Pro-Clinton SuperPACS Paying Attention To GOP Efforts To Shake Trump
RENEE MONTAGNE, HOST:
Donald Trump's status as Republican front-runner has brought with it lots of negative advertising. Take this ad.
(SOUNDBITE OF POLITICAL AD)
UNIDENTIFIED WOMAN #1: Bimbo.
UNIDENTIFIED WOMAN #2: Dog.
UNIDENTIFIED WOMAN #3: Fat pig.
UNIDENTIFIED WOMAN #4: Real quotes from Donald Trump about women.
MONTAGNE: That ad was created by the PAC, Our Principles. Here's another from the Conservative Solutions PAC.
(SOUNDBITE OF POLITICAL AD)
DONALD TRUMP: I love the poorly educated.
UNIDENTIFIED WOMAN #5: That's really what Donald Trump is all about. He thinks we're fools.
MONTAGNE: According to one analysis of campaign ads, at least 68 different anti-Trump TV ads have been shown around 40,000 times across the country. The striking thing about these ads is that virtually all of them were created by Republican PACs and conservative interest groups. And their Democratic counterparts are gleeful about that.
Justin Barasky is a spokesman for the pro-Clinton super PAC, Priorities USA. Welcome to the program.
JUSTIN BARASKY: Thank you for having me.
MONTAGNE: Do you feel like the Republican super PACs and these other groups attacking Trump are doing your job for you?
BARASKY: Well, they're certainly saving us millions of dollars. It's definitely not unhelpful. One does wonder why they weren't doing it much sooner. But sure, I mean, they're making our job easier if in fact Donald Trump is the nominee.
MONTAGNE: Well, of course, Donald Trump says it's not at all hurtful. Those attack ads aren't working, pointing to his winning streak across primary after primary. But I gather you're gearing up, you being Priorities USA, are gearing up to run your ads now. Why do you think what you have to say in your ads will be any different than when the Republicans went after him?
BARASKY: Well, I think I see a few things. First of all, there's a huge difference between a primary electorate and a general electorate. So a message that may not resonate with a small percentage of voters who support Donald Trump in a Republican primary, that message could end up resonating with a much larger electorate that frankly includes Democrats and independents.
Second of all, in some ways, the ads are working. There's a national poll out that has Donald Trump's fave-unfave (ph) at 30-60, which is unbelievably unpopular. So I think that in many ways we're not seeing an accurate representation of how the general electorate will respond once it's a one-on-one race between Hillary Clinton and Donald Trump, if in fact that is their nominee.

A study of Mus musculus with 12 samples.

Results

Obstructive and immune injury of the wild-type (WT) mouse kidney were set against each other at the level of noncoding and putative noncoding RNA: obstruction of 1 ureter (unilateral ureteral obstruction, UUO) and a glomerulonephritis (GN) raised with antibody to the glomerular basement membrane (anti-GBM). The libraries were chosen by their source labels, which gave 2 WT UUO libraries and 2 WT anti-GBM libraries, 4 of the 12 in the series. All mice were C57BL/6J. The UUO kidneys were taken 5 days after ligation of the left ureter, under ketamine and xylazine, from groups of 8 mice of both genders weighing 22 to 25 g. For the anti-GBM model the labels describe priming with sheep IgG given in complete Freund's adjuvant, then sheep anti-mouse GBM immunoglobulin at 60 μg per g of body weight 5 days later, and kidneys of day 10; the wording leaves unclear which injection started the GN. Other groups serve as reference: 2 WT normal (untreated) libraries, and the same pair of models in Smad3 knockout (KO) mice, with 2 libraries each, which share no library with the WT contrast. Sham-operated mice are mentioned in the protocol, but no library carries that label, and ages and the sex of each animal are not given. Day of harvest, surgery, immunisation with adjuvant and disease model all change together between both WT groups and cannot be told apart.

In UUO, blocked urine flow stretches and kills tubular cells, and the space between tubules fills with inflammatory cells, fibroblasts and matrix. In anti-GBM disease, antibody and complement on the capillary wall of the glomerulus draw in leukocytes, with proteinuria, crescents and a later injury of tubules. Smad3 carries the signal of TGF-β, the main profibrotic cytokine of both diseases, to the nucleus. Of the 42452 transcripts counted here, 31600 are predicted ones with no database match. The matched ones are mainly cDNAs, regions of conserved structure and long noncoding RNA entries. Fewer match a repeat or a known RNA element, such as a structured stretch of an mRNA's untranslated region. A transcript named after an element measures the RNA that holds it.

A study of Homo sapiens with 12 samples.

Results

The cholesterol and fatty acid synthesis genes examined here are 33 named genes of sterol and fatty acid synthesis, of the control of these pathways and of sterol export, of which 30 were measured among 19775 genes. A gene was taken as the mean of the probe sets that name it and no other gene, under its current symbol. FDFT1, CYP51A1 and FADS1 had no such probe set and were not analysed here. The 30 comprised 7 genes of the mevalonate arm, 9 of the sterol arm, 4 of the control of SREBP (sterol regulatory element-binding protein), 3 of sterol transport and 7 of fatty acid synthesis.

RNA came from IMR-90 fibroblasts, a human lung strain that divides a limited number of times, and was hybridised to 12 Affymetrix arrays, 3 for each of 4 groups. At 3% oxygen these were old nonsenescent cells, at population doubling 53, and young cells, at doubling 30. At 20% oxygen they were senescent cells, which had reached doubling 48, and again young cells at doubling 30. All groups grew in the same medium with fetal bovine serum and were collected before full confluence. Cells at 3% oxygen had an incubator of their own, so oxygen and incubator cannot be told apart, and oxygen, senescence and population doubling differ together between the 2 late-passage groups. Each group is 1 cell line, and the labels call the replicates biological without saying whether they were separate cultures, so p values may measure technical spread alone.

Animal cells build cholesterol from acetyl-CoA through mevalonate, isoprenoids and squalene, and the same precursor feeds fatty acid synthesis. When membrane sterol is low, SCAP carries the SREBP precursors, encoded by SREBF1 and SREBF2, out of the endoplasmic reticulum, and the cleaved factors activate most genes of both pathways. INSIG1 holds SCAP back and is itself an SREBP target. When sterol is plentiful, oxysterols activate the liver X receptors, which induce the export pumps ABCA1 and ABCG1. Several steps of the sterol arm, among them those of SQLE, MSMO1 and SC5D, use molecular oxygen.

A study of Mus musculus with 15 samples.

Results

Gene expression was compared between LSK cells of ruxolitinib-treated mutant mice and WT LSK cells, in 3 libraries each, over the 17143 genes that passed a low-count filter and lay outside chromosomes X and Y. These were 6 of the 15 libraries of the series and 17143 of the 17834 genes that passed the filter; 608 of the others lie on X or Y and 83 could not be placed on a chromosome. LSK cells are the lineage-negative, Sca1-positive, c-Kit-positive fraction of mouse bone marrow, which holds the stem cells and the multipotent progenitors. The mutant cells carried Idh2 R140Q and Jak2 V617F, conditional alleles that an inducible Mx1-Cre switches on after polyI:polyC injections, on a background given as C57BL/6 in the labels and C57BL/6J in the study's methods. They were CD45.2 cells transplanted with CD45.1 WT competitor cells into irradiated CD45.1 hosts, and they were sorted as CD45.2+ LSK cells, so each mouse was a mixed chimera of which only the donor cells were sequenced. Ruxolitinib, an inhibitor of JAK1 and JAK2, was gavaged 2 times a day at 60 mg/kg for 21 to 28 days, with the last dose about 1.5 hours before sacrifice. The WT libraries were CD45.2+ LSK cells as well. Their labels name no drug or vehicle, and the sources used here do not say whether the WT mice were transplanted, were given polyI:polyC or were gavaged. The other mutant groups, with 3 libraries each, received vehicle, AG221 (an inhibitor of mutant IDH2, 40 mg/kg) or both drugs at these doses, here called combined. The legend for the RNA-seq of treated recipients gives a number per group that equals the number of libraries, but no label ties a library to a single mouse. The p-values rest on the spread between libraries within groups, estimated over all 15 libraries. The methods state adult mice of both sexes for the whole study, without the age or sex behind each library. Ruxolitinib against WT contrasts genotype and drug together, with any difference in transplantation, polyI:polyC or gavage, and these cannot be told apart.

And furthermore, we began planning at Priorities last summer for a potential Trump candidacy. And we're doing all the things that you would expect a campaign to do to make sure that we do have a message that resonates, you know, polling, focus grouping, et cetera.
MONTAGNE: Well, have you learned anything from Republican anti-Trump efforts that you are going to be bringing to your own fight against him?
BARASKY: Sure, absolutely. I mean, I think we've learned a few key things. One is you can't beat Donald Trump by ignoring him, which was the Republican strategy for much of this primary. Two, you can't hope that someone else will take care of him, which I think was also much of the Republican strategy. And then finally, you can't beat him by lowering yourself into the mud with him.
There are a few areas in which his record is far outside the mainstream of the American public, and those would be his temperament. Is his record of enriching himself at the expense of others something that the average voter's going to find appropriate?
MONTAGNE: Although, of course, Donald Trump would say, and it's certainly true of many of his supporters, that the very things that attract them to him are his temperament, what he has to say and how he made his money.
BARASKY: Well, certainly, he embraces a number of these things that will be negatives in the general election. But again, I think there's a big difference between what a segment of the Republican primary electorate responds to and what the American people as a whole will respond to.
MONTAGNE: Well, one thing - is there anything that surprised you that the Republicans have not tried?
BARASKY: Well, at this point no. But the thing that surprised me the most was how long they waited. I mean, you had debate after debate after debate where no one stood up to Donald Trump, certainly not Marco Rubio, certainly not Ted Cruz, who did his best to put his arm around him, you know? Even Jeb Bush waited until it was clear that he was struggling pretty badly.
And I'm not going to pretend that Democrats were all on the other side and we knew he was going to win and we knew he was going to be the nominee if in fact he is. But it was curious why the person who was in first place for so long was relatively untouched up until it may end up being too late.
MONTAGNE: Justin Barasky is a spokesman for Priorities USA, a pro-Clinton super PAC. Thank you for joining us.
BARASKY: Oh, it was my pleasure. Thanks for having me on. Transcript provided by NPR, Copyright NPR.